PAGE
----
News

RACGP gets a seat at the table on Mental Health Australia Board


Anastasia Tsirtsakis


14/12/2020 3:13:40 PM

Dr Cathy Andronis, Chair of the RACGP Specific Interests Psychological Medicine network, will represent general practice.

Dr Cathy Andronis.
Newly-appointed Mental Health Australia Board member, Dr Cathy Andronis.

After almost three years as an RACGP representative at Mental Health Australia, Dr Cathy Andronis has been elected to the Board.  
 
Her appointment at the peak mental health organisation comes just weeks after the Productivity Commission released its report into mental health, and the Melbourne GP says the timing could not have been better.
 
‘There have also been plenty of other initiatives and reports that are expressing alarm at the high rate of mental health problems and suicide rates, and that there is a clear need to change government policy direction in regard to mental health management,’ Dr Andronis told newsGP.
 
‘[By] being on the Mental Health Australia Board at this time, when there’s so much change, [we will] be able to advocate from the GP perspective for what we believe will be the best way forward.
 
‘We understand patient care and we understand the complexity of mental health problems, which require a full biopsychosocial approach, and [one that] includes not only the patient, but the patient’s carers [and] the patient’s family.
 
‘In primary care we tend to see all of those people.’
 
With GPs often the first port of call for people seeking help with a mental illness, Dr Andronis says it makes sense to give the RACGP a seat at the table.
 
As well as being an advocate for patient-centred reform, she sees it as an opportunity to champion and support general practice.
 
‘GPs are also incredibly burdened by high rates of mental health management issues in their practice and often feel unsupported,’ Dr Andronis said.
 
‘We often feel that we don’t have the time or that we’re not valued, or understood by governments and other agencies.
 
‘So [it is] an opportunity to put forward the views of GPs, and to help people understand that we do understand mental illness, that we spend a lot of time helping patients with mental health problems, but we’re hamstrung by time constraints in general practice.’
 
Dr Andronis follows in the footsteps of fellow Victorian GP Dr Caroline Johnson, who was the most recent GP elected to the Mental Health Australia Board.
 
Both new and re-elected members were welcomed at the Annual General Meeting (AGM) on 10 December. Usually held in Canberra, this year’s event was hosted online, followed by the Grace Groom Memorial Oration with Federal Health Department Secretary Professor Brendan Murphy.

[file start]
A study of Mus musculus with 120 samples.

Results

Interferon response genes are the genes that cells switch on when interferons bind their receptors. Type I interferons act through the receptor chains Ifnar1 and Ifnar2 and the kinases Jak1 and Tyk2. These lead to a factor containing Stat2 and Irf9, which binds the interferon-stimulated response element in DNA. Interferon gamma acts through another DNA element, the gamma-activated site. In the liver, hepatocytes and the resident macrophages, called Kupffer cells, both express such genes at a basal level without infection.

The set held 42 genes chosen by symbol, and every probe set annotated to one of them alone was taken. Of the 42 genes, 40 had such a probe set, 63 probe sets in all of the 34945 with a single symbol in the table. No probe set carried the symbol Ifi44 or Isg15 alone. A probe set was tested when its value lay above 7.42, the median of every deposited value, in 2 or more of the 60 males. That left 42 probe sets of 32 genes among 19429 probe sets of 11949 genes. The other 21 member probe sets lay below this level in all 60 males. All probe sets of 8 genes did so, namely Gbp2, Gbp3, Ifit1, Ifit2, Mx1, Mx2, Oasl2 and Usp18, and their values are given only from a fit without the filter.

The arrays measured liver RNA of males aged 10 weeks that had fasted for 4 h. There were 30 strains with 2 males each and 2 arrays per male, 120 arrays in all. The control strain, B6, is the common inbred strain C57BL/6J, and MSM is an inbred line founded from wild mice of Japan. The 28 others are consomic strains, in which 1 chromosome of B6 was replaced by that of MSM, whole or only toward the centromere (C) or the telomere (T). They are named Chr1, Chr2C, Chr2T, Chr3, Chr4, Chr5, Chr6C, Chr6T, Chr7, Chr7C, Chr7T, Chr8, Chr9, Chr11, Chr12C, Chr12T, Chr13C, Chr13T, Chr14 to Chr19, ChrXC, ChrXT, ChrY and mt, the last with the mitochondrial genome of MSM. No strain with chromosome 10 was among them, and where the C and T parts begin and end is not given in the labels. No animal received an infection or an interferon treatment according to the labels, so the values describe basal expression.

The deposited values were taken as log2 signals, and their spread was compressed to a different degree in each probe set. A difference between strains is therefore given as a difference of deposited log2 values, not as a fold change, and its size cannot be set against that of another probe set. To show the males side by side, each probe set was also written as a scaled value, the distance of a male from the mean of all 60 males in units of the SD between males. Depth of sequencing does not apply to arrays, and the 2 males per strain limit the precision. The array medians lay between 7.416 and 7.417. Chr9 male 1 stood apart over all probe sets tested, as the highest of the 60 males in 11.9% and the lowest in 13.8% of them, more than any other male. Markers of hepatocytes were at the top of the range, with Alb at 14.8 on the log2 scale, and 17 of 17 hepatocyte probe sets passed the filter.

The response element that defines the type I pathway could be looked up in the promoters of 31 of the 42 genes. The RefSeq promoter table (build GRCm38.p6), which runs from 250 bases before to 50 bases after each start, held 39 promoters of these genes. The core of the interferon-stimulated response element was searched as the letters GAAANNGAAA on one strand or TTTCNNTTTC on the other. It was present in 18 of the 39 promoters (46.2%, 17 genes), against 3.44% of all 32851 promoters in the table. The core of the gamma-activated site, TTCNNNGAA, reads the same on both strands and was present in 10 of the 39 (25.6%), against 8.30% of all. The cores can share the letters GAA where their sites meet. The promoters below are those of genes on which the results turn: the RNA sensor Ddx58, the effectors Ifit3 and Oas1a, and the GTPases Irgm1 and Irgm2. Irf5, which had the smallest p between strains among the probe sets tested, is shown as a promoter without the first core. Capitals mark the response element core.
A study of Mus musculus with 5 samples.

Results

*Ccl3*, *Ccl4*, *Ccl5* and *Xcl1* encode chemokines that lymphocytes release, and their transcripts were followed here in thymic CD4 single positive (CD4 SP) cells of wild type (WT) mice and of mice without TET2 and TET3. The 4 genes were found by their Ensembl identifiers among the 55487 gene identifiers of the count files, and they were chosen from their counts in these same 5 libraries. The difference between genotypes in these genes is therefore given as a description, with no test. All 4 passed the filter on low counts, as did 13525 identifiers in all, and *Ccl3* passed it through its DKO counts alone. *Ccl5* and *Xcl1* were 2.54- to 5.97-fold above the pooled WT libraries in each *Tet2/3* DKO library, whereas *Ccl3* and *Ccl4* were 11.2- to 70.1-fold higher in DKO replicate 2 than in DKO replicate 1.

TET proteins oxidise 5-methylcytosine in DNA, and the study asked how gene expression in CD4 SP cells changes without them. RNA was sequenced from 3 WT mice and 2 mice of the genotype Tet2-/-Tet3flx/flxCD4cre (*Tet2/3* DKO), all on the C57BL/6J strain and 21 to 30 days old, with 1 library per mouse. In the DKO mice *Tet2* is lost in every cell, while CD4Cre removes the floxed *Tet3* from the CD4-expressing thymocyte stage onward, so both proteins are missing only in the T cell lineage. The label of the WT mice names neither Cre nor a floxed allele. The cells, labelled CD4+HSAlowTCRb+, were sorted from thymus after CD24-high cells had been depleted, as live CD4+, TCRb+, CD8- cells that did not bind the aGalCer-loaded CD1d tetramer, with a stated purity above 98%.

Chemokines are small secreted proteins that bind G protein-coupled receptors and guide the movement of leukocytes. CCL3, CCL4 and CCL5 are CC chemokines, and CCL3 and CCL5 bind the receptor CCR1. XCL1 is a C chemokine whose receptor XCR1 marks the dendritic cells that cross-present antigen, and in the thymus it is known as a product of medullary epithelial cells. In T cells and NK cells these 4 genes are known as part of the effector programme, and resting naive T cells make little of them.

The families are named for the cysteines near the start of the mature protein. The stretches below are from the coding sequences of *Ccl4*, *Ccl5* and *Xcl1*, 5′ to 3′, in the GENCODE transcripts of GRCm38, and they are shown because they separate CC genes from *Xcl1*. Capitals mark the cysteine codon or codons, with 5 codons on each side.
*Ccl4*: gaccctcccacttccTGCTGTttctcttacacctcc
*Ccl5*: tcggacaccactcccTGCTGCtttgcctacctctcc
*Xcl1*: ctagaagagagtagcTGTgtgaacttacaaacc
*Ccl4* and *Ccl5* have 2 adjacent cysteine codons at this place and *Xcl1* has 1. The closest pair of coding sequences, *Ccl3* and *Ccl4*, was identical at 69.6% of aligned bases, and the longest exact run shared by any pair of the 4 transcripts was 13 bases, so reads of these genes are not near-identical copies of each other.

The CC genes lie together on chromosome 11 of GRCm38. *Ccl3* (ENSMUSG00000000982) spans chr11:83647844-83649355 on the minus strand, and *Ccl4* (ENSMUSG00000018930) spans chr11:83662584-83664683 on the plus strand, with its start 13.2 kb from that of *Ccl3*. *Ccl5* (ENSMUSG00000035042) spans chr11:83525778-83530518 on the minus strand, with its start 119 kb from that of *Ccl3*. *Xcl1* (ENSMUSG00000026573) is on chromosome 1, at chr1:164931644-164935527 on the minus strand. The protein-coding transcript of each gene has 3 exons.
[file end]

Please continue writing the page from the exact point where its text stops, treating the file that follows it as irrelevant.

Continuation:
‘I genuinely believe 2021, born out of disruption of 2020, will be a year to be remembered for mental health reform,’ Professor Murphy said.
 
Dr Andronis certainly believes change is on the horizon.
 
She says the COVID-19 pandemic has exposed the underlying mental health problems that have been brewing for some time now, and also amplified them as a result of social isolation measures and imposed lockdowns.
 
‘Governments have been more open to thinking about mental health too, because it’s been so obvious that when you ask people to socially isolate, you’re asking them to separate from the contexts and the people that usually support them and help them to keep healthy in their mental health,’ Dr Andronis said.
 
‘It’s been a time when we’ve had to focus on how the solution can also create problems, and therefore needs to be managed as well.
 
‘It’s quite common in medicine that we see side effects of medications and side effects of treatments. One of the major side effects of COVID and the COVID management has been mental health distress, and now that needs to be managed as well.’
 
Dr Andronis says she hopes that the social determinants of mental health – something that GPs see in their day-to-day practice – will be adequately acknowledged and addressed going forward.
 
‘We GPs see how much people are impacted by what life brings them – their work problems, their family issues, their economic situation, as well as their physical health issues,’ she said.
 
‘We get to see that full complexity, and I don’t think that it necessarily gets recognised because people are very quick to label people with diagnoses. But that’s not necessarily helpful, because a complex condition needs a more nuanced and multidisciplinary approach.
 
‘Having been elected to the actual Board of Mental Health Australia it will hopefully be a good opportunity to be able to understand the peak body, to understand how government responds to them, but also for them to understand how GPs work and what GPs believe the system in mental health requires so that we can work more effectively all round.’
 

Congratulations Cathy! I have every confidence in you as an advocate both for patients and us GPs. As a member of the RACGP Specific Interests Psychological Medicine Network I pledge my support for the task you have undertaken.


Dr Margaret Davison   15/12/2020 8:51:45 AM

Congratulations Hopefully they will listen


Dr Magdalena Simonis   15/12/2020 10:30:26 AM

Well done Cathy. This is brilliant news as we all know in GP-land, it’s GPs who provide the regular life changing counselling - whether it’s the 5 minute coaching tips at the end of a session that encourage behaviour change or the lengthy mental health consults. Congratulations.


Dr Erin Catherine Waters   15/12/2020 11:01:00 AM

Fantastic news for GPs and patients. Congratulations Cathy and thanks for all of your hard work towards making this happen.